Saturday, June 23, 2012

Occupy the hen yard

As I was driving over to the Joe Matos' cheese factory this morning, I saw a hand lettered sign, clearly the advertising of a diversified cottage industry.
Among the items listed were "chicken coups."

I knew the backyard hen movement had gone too far.   Now they are organized and taking over suburbia.   Shades of my second favorite barnyard movie, Chicken Run.  

With all the farm bill tussles and news or lack of it from Rio 20 years later I needed this (presumably) unintentional humor.   It didn't hurt to see a brand new Holstein calf as I drove by Beretta's dairy (Wallaby Organic Yogurt), too.

Thursday, June 14, 2012

Land grab indignation

I didn't know whether to weep or scream in outrage when I heard this story about a land grab in Mozambique on NPR

It's just colonialism in a corporate suit.

Fair Food review

I just finished reading Fair Food by Oren B. Hesterman.   This is a pretty good read which does more than many popular titles about food system reform to stress the social equity dimension.

I was surprised that with all the interest around here there was only one copy in the Sonoma County Library system.   Maybe because this is less that a purist treatment?   Hesterman seems intent on restoring balance to the food system, not eliminating large scale production of commodity crops.  Speaking of our food system he says:

On the continuum between specialization and diversification, we have veered too far toward the specialization side.  We are similarly out of balance on the continua of centralization-decentralization, concentration-dispersion, and globalization-localization.
The book generated some interesting questions for me, and provided some useful definitions.  Good section on the Farm Bill.   There is also an extensive resource section, topically organized and annotated.   

On the related website  the resources are organized in a searchable way.   You plug in a key word or two, your state if you wish, and the area of interest.   Maybe my searching was a little lacking, but I couldn't find anything on a topic the book made me think about.   When we talk about farm to institution - why don't we mention jails and prisons?   Just think if their purchasing power were increased and turned toward the local agricultural economy wherever they are...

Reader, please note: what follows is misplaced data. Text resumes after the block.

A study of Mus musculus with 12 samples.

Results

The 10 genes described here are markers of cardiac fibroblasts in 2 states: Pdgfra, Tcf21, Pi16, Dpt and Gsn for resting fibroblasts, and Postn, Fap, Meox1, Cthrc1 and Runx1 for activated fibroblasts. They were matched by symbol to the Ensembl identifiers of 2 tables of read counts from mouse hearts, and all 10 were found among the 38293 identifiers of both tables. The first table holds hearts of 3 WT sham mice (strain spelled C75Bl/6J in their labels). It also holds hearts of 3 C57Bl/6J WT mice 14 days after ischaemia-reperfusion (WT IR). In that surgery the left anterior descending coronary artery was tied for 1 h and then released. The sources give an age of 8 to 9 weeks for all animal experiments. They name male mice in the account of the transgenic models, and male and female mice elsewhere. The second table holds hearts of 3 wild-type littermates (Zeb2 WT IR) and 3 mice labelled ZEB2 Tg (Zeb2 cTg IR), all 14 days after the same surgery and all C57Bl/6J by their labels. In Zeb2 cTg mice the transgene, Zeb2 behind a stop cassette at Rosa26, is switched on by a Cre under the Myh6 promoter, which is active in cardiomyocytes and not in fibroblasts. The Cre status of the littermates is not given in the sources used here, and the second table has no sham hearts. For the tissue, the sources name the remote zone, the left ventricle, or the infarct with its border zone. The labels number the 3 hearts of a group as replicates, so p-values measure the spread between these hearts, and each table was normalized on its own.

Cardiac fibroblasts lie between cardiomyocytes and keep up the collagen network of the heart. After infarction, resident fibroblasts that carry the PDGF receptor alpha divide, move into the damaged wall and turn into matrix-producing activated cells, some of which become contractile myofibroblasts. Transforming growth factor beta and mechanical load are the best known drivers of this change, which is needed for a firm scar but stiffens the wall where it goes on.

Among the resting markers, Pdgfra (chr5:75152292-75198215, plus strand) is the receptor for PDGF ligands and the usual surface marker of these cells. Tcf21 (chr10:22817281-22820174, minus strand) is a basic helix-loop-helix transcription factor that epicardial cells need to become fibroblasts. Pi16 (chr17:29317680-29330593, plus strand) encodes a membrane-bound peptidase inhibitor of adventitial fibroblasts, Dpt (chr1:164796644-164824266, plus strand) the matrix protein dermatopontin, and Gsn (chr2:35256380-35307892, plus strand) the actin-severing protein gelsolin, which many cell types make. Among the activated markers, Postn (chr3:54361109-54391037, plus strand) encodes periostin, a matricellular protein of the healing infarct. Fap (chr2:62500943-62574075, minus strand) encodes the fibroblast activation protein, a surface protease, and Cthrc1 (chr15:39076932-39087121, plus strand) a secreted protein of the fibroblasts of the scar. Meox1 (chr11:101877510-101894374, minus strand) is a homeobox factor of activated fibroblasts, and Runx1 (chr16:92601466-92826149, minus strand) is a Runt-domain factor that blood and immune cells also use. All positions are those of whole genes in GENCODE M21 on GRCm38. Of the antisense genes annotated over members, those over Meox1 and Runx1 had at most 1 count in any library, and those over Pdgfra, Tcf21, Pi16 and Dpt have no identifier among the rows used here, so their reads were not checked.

Sunday, June 10, 2012

Water conservation on the farm

I don't suppose most people reading my blog need to know the latest techniques for water conservation in agriculture, but you might want to know that efforts along those lines are increasing, and there is a web site aggregating the relevant information.

Ag Innovations is doing this, and the link was in the email they sent me about it.

Hey - this is my 500th post!  Seems like there should be a prize somewhere here, or at least bells and whistles!

Legislation, legislation

There's lots of news out there about the progress of the farm bill through the Congress.   Some of it is better informed than others.   I've been struck by how little attention NPR pays to the largest agricultural state in their coverage.

Two of our local guys published this op ed piece in the Los Angeles Times,0,7923048.story
but I don't think their voices are loud enough to reach the other coast.

Meanwhile, I learned that a bill on preparing food for sale in the home could result in relaxing prohibitions on doing so in California as has been done in 30+ other states.   AB1616 the California Homemade Food Act is making its way through the state legislature.   It has cleared the Assembly, came to the full Senate, and was referred to the Senate Health Committee on June 7.   This would allow, under certain guidelines, the preparation for sale of foods that do not need refrigeration.   Baked goods that don't include cream fillings, meat and the like, for example, plus preserves of a certain pH or lower.   Will it become law in time for this year's preserving season?

Wednesday, June 6, 2012

You can tailor and send a message to your senators

about the Farm Bill here:

Roots of Change has made it fairly easy to voice your support for an amendment in the U.S. Senate that would redirect dollars from subsidies of commodity crops and the insurance programs for them to increased funding for food justice, conservation and support for growers of speciality crops.
(Everything but the big commodities - wheat, corn, soy, rice, cotton, etc. or maybe there is no etc., is a speciality crop.   That is, fruits, vegetables, nuts.)

Friday, June 1, 2012

the California perspective

Excellent Forum show on the Farm Bill today.

This would be a great introduction for those who are just getting tuned in to the issues - but even food system groupies like me learned something.  The whole idea that the battles around how government funds are invested in agriculture are regional more than partisan really needs to be driven home.   Michael Dimmock's almost cheerleading for California agriculture also helps people see just how complex the issues are.

The anti-Monsanto hyperbole from the one caller was unfortunate.   They are bad enough - no need to exaggerate, but there is a need to be specific.  

The other disappointment I had was that no one picked up on the question, for which the host primed the pump, of who is doing and funding the lobbying.